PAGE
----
It is tattered and torn… taped to the inside of a 5th grade locker. Who is it from? Who was the lucky recipient? Why is this letter so important that it stayed in place for an entire school year? A year ago it was penned and now it is being taken down from the inside of the locker. This is what I learned about on the road this week…
Jackelyn Doyle is a young teacher at Cherokee Heights Elementary School in St. Paul, Minn. I remember when I met Jacquelyn a few years ago. She had a challenging first year (as most teachers do) and maybe, just maybe, wasn’t sure that this was the career for her. I am so proud of the teacher she has become. One thing I truly love about going in her classroom is the sense of community that she builds with her students. It isn’t just a room where students go for an entire year to work and learn; it is a class community built on mutual respect and care for one another. I have never heard Jackelyn call her class “students”; they are “friends”. And, on my visit to her school this week, I learned a very real example of how that sense of community among friends starts at the very beginning of the year.
Just by accident, I overheard a conversation this week with Ms. Jackelyn talking about what the students were finding when they cleaned out their lockers. She just happened to mention that one of them still had his letter that he had received from last year’s fifth grader. I stopped her to ask what she meant. “Oh, she said, my fifth graders write three letters at the end of every year; one to someone who has impacted their life, one to themselves and one to an incoming fifth grader.” She said it as if ALL teachers did this with their students… she looked completely surprised that my jaw had dropped and I was so excited! What an awesome way to welcome a fifth grader new to your class by having someone leaving the community tell about it. What an amazing way to have students be reflective and of course, to write!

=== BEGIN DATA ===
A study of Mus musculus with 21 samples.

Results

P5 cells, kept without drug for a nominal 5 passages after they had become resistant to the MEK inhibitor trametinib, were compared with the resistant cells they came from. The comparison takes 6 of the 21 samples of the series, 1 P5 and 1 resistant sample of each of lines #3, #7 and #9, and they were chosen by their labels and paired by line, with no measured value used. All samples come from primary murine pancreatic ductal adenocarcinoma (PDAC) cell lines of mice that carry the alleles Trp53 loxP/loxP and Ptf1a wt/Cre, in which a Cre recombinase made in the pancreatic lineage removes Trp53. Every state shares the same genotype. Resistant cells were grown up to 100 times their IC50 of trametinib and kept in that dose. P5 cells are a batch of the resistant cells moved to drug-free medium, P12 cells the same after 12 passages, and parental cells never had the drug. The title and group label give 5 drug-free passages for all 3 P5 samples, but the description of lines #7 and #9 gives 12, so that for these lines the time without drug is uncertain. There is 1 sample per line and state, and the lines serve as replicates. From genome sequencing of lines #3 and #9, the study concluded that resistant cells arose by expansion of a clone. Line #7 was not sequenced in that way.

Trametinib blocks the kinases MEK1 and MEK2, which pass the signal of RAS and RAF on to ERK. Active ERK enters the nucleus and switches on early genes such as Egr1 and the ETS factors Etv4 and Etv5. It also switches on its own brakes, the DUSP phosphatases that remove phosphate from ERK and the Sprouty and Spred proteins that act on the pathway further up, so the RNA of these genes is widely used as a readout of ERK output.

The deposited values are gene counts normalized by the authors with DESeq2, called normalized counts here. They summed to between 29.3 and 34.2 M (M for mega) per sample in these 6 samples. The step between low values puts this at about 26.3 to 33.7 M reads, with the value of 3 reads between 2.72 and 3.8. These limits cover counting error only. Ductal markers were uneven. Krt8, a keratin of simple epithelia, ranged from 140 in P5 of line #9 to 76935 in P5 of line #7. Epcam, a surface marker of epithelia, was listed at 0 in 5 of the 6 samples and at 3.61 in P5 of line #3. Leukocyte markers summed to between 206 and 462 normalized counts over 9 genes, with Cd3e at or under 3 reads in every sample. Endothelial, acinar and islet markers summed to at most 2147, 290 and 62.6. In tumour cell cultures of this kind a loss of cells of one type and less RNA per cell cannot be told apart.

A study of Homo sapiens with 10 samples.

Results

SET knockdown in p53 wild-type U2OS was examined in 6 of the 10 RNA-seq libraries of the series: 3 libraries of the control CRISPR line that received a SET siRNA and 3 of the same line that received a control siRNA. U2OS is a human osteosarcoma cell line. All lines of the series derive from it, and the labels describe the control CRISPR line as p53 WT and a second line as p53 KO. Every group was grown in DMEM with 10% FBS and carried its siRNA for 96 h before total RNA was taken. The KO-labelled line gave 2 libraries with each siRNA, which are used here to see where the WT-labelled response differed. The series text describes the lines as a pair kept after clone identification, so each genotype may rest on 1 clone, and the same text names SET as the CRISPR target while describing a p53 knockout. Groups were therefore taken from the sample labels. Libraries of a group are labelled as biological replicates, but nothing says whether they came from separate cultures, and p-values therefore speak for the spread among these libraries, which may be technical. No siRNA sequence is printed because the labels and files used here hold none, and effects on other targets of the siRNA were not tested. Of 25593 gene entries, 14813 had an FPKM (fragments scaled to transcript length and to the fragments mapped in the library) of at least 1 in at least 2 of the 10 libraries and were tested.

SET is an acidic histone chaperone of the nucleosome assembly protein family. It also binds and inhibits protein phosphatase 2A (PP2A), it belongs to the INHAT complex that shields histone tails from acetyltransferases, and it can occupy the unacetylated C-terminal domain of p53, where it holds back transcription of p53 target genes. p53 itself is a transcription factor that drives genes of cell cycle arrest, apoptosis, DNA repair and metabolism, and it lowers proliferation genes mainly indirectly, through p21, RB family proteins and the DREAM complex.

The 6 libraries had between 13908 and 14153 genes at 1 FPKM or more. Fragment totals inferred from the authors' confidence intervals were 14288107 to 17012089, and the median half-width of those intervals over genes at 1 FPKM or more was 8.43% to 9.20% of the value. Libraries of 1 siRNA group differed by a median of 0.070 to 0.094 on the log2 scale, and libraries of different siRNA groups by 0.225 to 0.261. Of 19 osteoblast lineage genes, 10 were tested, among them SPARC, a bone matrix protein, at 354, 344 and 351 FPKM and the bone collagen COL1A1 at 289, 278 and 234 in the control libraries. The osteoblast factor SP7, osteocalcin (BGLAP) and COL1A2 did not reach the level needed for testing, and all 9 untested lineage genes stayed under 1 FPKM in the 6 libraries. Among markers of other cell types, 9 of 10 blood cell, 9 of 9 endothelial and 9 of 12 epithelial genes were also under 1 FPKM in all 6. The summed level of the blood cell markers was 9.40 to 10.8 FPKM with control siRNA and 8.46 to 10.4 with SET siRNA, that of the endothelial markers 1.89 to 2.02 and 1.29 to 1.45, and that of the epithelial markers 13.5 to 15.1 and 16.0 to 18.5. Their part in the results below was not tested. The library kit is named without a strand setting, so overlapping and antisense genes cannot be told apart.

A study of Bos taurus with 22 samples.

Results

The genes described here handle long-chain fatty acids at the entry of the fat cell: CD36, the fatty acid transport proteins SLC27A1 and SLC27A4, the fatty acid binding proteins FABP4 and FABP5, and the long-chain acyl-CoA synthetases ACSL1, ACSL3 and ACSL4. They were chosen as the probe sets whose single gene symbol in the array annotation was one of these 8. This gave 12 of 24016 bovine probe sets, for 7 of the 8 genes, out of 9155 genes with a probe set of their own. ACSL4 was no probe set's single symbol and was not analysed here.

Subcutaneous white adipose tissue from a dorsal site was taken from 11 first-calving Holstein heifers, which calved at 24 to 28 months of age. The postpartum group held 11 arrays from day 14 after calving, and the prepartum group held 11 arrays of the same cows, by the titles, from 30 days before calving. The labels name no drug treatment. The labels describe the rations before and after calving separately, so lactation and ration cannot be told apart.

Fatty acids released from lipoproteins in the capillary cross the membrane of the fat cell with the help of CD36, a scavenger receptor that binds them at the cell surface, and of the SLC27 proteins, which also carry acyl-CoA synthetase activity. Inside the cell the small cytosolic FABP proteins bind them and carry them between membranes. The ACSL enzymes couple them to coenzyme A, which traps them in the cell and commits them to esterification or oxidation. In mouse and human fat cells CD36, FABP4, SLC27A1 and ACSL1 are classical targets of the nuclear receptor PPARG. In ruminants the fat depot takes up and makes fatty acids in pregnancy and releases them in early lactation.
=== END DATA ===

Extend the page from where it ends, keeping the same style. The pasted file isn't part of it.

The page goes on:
My past seven blogs have been about each chapter in Leading with Intention (https://www.solutiontree.com/products/leading-with-intention.html). This week finishes the eight chapters and it is all about community and relationships. Chapter eight begins with the quote, ‘No significant learning can occur without a significant relationship.” (James Corner). We ask the question, which leader would you rather work with- a leader who tells you what to do, when to do it but says little about why to do it and the value of the work? Or, would you prefer a leader who takes time to build a relationship with you and understand you, and supports your understanding of why the work is necessary? Author, John Maxwell, in his book, The Five Levels of Leadership, describes leading based on permission versus leading from our positions. In order to reach that level of leadership, you have to gain the respect and confidence of others by gaining their permission to lead. Jackelyn Doyle embraces “leading with permission” as she builds respect and confidence with her students as she builds community in her room.
I can not write about community today without mentioning my NBA champions, the Toronto Raptors. I have been a fan for a long time and this year is a great year to love the Raptors. I have often talked about their focus of GRIT over Given. They have proven that hard work, respect for one another and team work creates success. They have a community within their team, led by a strong coach who leads with “permission”. Nick Nurse believes in his players and often has stated that his first job is to get to know his players and build relationships. This year, the Raptors drew fans from all across Canada and far and away places in the world. They are a diverse team and demonstrated that building on each other’s strengths was more important than making it all about one player or another. There is a Raptor community that extends beyond the team and the city of Toronto. They have taken their “We the North” theme and created a sense of community among 37,000,000 people in Canada.
Community is built around common purpose. In our schools and districts, learning does not take place in isolation. Teachers work in professional community, learning together and figuring out what our students need them to do next. When students and parents are included in that community, we have effective schools. Jackelyn Doyle is a teacher who understands that relationships come before learning. I appreciate you, Jackelyn and so do your students.
Have a wonderful week and summer. This will end my blogs until the fall. Thank you for reading and staying with me.